What to look out for in your inbox
Although there’s a few ways for you to get in touch with B, when B needs to contact you it will usually be by email. And while phishing and other email fraud is still relatively rare, it’s good to know what to look out for before you open or respond to an email. Here are B’s tips for spotting a scam.
Before you open an email
Read the subject line. Be wary of subject lines that say things like ‘There is a secure message waiting for you’, ‘Security alert’, or ‘System upgrade’. B wouldn’t email you about those, so something’s not right.
See how they’ve addressed you. If the email doesn’t address you by name (i.e. it says something like ‘Dear Customer’ instead) that could be a dodgy sign. If you can, turn on email preview mode so you can see this bit before you actually open the email.
Check the email address. Is the address the same as the one B usually contacts you through, or does it look slightly wrong or different?
If you do open the email
If you do happen to open a scam email, don’t panic. It’s highly unlikely that just opening the email will put your device or personal information at risk. The real problems can happen if you click on something within the email itself, so here are some things to steer clear of.
Keep your personal information personal. B will never (ever) email you asking you to ‘Verify your account or password’ or ‘Update your security details’, so definitely don’t click on any links or buttons that ask you to.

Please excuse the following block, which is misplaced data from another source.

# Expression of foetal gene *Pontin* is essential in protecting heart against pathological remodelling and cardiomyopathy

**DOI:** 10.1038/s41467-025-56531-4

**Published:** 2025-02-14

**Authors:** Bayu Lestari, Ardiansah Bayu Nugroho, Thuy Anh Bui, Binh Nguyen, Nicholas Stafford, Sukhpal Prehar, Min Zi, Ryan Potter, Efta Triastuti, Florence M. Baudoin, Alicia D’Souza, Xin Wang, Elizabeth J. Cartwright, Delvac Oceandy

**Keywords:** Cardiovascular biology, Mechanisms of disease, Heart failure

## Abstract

Don’t be rushed. Be suspicious of messages that try to scare you with timescales. If you see anything like ‘URGENT: respond within 48 hours’ then it’s probably a scam.
How to tell when an email’s really from B
So, there’s the whole ‘make sure it’s addressed to your real name’ thing that’s already been talked about (worth saying twice though because it’s important). And there are a couple of other things too.
You should see the last part of your postcode in the security information. No B email will ever include a login link or ask you for account or card details, your PIN, login details or password.
A bit about opting out
You registered your email address when you opened your account, and it’s B’s policy never to share it with anyone else. But if you’d rather opt out of emails you can click on the unsubscribe link at the bottom of any email from B.
Ramp up your online security
You should also keep your operating system, firewall and anti-virus software up to date. IBM’s free Security Trusteer Rapport software (opens in a new window) will give you an additional layer of protection.